Bloomberg LP Accused of Spying on Goldman Sachs, JP Morgan Using Terminals


The magical, $20,000-a-year financial services machines known as Bloomberg LP terminals are everywhere on Wall Street, for better or worse. Along with the constant stream of market information, the terminals apparently provided a window into the workings of their users for Bloomberg's 1,000-plus army of journalists, according to allegations from Goldman Sachs and JP Morgan. The New York Post reported, "a Bloomberg reporter asked a Goldman executive if a partner at the bank had recently left the firm — noting casually that he hadn't logged into his Bloomberg terminal in some time … Goldman later learned that Bloomberg staffers could determine not only which of its employees had logged into Bloomberg's proprietary terminals but how many times they had used particular functions." In other words, the companies were paying for the pleasure of being watched.

A follow-up by the Financial Times reported that JP.Morgan claimed terminal-snooping was behind Bloomberg's scoop on the firm's "London Whale" debacle. Bloomberg, while not addressing the specific complaints, said, "In light of [Goldman's] concern as well as a general heightened sensitivity to data access, we decided to disable journalist access to this customer relationship information for all clients."

The high-profile embarrassment, which pissed off some of the company's most valued clients, demonstrates the risks of providing technology to (and making millions off of) some of the very same people the reporters on staff are tasked with covering. A concerned employee of a large trading firm that uses Bloomberg terminals told Daily Intelligencer, "You can bet that all institutions, especially on the sell side and investment banking side, are reviewing their information security and have questions for Bloomberg regarding the now-supposedly-disabled functionality exploited by Bloomberg reporters, and whether there were/are any other vulnerabilities Bloomberg should tell them about."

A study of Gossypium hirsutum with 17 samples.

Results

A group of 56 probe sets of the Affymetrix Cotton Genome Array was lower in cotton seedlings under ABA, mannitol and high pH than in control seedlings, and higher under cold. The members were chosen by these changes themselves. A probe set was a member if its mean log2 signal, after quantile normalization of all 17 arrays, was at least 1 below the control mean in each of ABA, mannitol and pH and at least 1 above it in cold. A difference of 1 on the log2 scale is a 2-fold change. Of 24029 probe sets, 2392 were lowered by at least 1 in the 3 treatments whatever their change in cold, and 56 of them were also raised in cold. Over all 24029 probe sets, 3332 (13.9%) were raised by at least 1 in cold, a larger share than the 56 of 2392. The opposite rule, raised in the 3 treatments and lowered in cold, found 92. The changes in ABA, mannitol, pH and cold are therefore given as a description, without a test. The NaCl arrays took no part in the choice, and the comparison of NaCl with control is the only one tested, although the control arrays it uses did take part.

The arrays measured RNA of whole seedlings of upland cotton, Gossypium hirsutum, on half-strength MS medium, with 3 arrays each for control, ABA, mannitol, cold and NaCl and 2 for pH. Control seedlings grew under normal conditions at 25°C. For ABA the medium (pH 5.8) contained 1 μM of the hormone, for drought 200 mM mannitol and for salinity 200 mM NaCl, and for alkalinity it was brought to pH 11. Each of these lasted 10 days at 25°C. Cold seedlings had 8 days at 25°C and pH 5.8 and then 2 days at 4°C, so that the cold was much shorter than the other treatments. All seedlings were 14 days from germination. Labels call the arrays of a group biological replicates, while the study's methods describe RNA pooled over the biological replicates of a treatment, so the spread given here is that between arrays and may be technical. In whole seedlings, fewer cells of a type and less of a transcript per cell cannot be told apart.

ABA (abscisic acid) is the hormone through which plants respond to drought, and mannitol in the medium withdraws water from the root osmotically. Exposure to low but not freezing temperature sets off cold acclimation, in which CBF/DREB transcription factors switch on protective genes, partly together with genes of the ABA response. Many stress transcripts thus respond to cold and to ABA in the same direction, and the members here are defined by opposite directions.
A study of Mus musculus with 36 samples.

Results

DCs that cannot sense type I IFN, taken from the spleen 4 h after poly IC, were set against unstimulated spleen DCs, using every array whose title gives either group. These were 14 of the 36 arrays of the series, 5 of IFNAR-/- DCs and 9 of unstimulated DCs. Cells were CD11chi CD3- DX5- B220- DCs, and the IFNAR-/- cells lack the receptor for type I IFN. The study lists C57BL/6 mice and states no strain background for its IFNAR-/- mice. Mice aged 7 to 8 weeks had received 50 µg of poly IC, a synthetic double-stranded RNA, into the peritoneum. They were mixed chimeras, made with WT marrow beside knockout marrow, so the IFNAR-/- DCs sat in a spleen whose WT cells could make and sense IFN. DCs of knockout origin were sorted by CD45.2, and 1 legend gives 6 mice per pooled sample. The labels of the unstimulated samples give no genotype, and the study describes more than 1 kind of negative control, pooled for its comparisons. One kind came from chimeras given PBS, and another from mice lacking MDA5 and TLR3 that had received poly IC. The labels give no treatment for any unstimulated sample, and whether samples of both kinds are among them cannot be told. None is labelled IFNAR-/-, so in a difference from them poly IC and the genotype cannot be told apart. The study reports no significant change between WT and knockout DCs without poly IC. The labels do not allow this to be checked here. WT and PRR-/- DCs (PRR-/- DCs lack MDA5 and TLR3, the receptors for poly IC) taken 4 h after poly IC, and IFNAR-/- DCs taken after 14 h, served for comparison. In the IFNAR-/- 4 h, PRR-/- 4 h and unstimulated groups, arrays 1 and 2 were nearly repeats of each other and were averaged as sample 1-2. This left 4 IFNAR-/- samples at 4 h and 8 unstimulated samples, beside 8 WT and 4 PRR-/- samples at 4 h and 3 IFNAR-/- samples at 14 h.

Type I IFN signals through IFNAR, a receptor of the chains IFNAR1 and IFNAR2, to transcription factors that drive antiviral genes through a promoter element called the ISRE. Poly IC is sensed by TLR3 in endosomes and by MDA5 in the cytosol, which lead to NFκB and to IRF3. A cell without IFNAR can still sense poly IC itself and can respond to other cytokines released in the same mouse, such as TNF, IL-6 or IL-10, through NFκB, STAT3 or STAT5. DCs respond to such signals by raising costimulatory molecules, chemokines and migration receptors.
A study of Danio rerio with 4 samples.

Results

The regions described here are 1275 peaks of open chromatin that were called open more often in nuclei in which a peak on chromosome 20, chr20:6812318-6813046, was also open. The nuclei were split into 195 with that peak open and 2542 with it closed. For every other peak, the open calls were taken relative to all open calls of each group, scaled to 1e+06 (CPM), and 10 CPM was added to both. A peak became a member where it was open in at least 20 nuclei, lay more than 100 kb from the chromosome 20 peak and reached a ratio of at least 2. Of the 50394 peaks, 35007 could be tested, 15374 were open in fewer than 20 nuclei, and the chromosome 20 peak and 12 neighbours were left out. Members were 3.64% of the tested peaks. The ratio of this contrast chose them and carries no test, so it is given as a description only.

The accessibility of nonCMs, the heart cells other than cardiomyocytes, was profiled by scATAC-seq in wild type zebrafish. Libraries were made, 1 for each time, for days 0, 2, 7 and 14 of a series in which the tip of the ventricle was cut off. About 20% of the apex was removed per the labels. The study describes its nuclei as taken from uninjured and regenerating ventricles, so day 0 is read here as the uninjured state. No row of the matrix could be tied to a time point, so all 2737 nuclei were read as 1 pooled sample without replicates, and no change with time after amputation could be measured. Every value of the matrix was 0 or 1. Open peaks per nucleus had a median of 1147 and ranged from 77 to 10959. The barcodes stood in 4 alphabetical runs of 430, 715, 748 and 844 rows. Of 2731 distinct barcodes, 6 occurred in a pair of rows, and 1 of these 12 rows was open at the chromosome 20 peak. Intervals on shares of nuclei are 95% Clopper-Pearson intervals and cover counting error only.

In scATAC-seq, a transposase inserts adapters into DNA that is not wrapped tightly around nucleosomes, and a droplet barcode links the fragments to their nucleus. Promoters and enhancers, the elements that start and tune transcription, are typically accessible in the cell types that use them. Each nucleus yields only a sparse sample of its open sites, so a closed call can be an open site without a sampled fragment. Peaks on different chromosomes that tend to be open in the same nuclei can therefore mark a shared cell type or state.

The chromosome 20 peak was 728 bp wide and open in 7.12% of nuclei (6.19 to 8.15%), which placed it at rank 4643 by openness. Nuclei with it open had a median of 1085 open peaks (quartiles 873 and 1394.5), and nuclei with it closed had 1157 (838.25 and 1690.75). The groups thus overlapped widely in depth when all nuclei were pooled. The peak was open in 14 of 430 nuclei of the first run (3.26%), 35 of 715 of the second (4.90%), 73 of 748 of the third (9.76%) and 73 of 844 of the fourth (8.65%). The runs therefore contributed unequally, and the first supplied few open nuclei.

Another Wall Street source told Gawker that Bloomberg is "a paranoid nanny company where absolutely everything is logged. Anyone who uses a Bloomberg [terminal] should assume they have no privacy. Bloomberg tracks everything from what stories people read to what pages they click on. Some of this is to improve the user experience, but some of it is just spying, which they can do as part of their contract."

And it wasn't all business, Quartz added:

Several former Bloomberg employees say colleagues would look upchat transcripts of famous customers, like Alan Greenspan, for amusement on slow workdays. The transcripts were typically mundane and hardly incriminating, but who wouldn’t enjoy watching a former US Federal Reserve chairman struggle to use a computer?

For now, the fun is over, but the fallout may not be.